How lessons learned from plane crashes can improve patient safety

Written By: Silke Schmidt

Medical error is the third-leading cause of death in the United States: Each day, almost 1,000 patients die, while another 1,800 additional patients are harmed in some way.

 Douglas Wiegmann
Douglas Wiegmann

These numbers are stunning, though also controversial, says Douglas Wiegmann. “We don’t yet have a way to systematically track these events, and it’s not always straightforward to pinpoint the primary cause of a patient’s death,” he explains. “But there’s no doubt that we have a major problem.”

To tackle that problem, Wiegmann, an associate professor of industrial and systems engineering at the University of Wisconsin-Madison, is now leading a pilot study for analyzing and correcting the root causes of patient harm events in the UW Health system.

The study, rolled out in January 2018, builds upon his extensive experience with root cause analysis (RCA) in other industries and is funded with $150,000 from the UW Institute for Clinical and Translational Research. Wiegmann and his UW Health colleagues will develop a toolkit—consisting of guidelines, interview questions, checklists and causal factor diagrams—that helps stakeholders decide which corrective steps they should take to reduce the frequency of patient harm events.

For illustrating the types of medical error that may occur in a hospital, Wiegmann shares a hypothetical example: A respiratory therapist changes the oxygen mask on an asthma patient. While she is re-attaching the mask to the oxygen tank, she is paged for an emergency in another room. Believing that the mask is properly attached, she leaves, only to be paged again five minutes later: Since oxygen no longer flowed through the mask, the patient suffered a cardiac arrest and died.

Today, Wiegmann says, a root cause analysis of that event might go something like this: Hospital staff review the existing protocol, which includes never leaving a patient on an oxygen mask until all vitals have been checked; they remind the therapist, her colleagues and supervisors to follow this protocol at all times; and they have connectors added to all oxygen hoses that will click when properly attached to the tanks.

“That’s like putting a Band Aid on a single cut,” Wiegmann says. “It probably reduces the probability of repeating this particular event, but it doesn’t make the entire system better and safer.”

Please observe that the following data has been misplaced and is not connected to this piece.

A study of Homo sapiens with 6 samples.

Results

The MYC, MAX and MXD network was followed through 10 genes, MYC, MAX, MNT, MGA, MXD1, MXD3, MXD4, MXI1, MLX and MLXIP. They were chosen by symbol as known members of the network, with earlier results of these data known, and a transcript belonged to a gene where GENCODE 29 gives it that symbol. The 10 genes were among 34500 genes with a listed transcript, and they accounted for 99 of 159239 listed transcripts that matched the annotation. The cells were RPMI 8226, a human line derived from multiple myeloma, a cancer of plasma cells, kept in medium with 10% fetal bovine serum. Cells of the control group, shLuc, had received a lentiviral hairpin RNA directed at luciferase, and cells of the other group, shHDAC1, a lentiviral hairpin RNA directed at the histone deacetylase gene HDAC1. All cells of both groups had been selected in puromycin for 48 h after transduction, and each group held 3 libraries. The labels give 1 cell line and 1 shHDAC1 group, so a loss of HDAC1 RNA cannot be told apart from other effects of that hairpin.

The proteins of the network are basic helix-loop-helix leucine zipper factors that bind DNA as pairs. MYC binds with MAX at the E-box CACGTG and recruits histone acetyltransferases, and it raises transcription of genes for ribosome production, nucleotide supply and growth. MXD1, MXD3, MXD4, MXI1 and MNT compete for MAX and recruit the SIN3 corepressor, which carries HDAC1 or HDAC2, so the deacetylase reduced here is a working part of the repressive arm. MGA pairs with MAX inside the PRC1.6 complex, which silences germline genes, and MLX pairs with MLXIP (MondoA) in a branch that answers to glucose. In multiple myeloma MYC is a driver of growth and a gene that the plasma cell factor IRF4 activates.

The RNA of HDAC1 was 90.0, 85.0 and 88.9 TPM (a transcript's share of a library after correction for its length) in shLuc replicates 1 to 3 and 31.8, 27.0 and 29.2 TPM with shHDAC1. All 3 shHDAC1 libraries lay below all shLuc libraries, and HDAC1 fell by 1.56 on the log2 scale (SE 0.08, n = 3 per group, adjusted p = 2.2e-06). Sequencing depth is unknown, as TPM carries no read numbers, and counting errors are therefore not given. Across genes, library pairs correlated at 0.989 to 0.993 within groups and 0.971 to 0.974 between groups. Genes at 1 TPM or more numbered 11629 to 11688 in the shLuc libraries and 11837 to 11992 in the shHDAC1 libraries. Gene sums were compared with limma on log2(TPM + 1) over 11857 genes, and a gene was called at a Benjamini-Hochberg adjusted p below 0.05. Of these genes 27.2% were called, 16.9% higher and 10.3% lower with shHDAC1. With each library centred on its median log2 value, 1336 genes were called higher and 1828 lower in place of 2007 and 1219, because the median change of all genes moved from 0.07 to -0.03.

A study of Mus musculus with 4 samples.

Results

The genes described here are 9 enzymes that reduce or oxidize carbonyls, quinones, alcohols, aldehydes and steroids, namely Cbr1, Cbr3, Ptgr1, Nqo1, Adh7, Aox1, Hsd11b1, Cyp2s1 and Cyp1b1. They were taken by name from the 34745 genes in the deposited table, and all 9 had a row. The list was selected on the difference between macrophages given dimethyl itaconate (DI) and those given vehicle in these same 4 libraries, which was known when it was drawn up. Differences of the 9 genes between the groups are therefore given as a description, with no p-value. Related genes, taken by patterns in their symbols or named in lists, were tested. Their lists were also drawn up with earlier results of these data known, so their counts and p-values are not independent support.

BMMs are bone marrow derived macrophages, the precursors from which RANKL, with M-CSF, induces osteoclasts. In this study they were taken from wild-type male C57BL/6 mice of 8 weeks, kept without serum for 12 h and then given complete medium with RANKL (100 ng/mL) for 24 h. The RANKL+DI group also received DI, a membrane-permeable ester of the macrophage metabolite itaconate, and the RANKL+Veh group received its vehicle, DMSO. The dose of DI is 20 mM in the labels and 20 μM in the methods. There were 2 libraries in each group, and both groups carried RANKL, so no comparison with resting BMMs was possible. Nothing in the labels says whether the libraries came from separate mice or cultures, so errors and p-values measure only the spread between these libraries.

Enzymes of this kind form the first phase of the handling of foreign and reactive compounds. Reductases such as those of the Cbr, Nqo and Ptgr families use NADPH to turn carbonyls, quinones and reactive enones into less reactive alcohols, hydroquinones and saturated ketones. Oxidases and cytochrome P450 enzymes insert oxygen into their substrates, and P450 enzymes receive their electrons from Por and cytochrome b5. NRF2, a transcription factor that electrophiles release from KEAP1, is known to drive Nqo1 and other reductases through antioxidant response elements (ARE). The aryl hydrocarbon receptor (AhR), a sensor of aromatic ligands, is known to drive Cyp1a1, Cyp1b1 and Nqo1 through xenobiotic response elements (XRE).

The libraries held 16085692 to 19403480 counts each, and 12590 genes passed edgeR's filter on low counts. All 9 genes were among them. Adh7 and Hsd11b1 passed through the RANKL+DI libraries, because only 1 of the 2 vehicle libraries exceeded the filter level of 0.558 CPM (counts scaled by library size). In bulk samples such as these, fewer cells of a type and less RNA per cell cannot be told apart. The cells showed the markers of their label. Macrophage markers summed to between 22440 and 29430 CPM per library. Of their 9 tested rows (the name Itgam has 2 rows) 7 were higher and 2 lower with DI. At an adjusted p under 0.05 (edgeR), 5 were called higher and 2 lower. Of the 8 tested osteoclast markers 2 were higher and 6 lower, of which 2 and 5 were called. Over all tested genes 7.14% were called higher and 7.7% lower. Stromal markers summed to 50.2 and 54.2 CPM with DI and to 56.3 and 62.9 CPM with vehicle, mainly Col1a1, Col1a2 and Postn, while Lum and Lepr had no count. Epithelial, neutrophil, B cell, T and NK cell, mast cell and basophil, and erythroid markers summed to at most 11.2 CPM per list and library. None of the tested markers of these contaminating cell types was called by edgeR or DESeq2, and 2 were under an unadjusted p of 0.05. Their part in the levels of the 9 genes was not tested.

To achieve that goal, tougher and deeper questions are needed: Has this type of event almost happened before, and if so, what was done about it? What guidelines did the therapist receive from her supervisor for responding to an emergency call? What are the organizational policies that give the supervisor the ability to provide guidance? Was the therapist’s schedule already overloaded when she was paged? How can she quickly page another nurse when she is unable to respond immediately?

But in order to consistently ask these big-picture questions for every patient harm event, the hospital staff who conduct the root cause analysis need to be trained to become investigators—just as Wiegmann was trained to be an investigator for the National Transportation Safety Board when his research interests were focused on equipment failures and human error in the aviation industry.

Charged with analyzing the root causes of plane crashes and space shuttle disasters, he and his colleague Scott Shappell (now at Embry-Riddle Aeronautical University) studied hundreds of accident reports containing thousands of causal factors to improve the aviation industry’s safety protocols. With their background in human factors engineering, which applies an understanding of human capabilities and limitations to systems design, they developed the Human Factors Analysis and Classification System (HFACS), a toolkit that can be modified for use in other industries.

“Our work in the aviation industry has helped change its organizational structure and culture to give safety professionals more decision-making authority, and I do think this has helped prevent future accidents,” Wiegmann says. “For the first time in the history of modern aviation, we had no fatal airplane crashes in the United States in 2017.”

Since plane crashes tend to be catastrophic and highly visible, the aviation industry has invested in better safety protocols for almost 70 years. That’s a stark contrast with the healthcare industry, according to Wiegmann. Although it has recognized its growing need for root cause analyses, the success of the tools it has used during the past decade or so has been limited.

That means the time is now ripe to develop the next generation of tools: improved infrastructure and staff training, using the methods that have already proven their worth in the aviation industry. With data from the completed pilot study, Wiegmann and his colleagues plan to submit a larger proposal to federal funding agencies in order to measure how effective the new tools are in reducing patient harm events. “

At 18 months, our pilot study is too short for this kind of comprehensive evaluation, but in order to start a larger study, we first need to know what works and what doesn’t,” Wiegmann says. “Given my experience with other industries, I believe a continued investment in root cause analysis is our best bet for improving patient safety in hospitals around the country.”

Wiegmann’s academic collaborators at the UW School of Medicine and Public Health include Jeff Pothof (Department of Emergency Medicine) and Tosha Wetterneck (Department of Medicine, Division of Internal Medicine). His stakeholder collaborator is Amy Topel, who directs patient quality and safety at UW Health.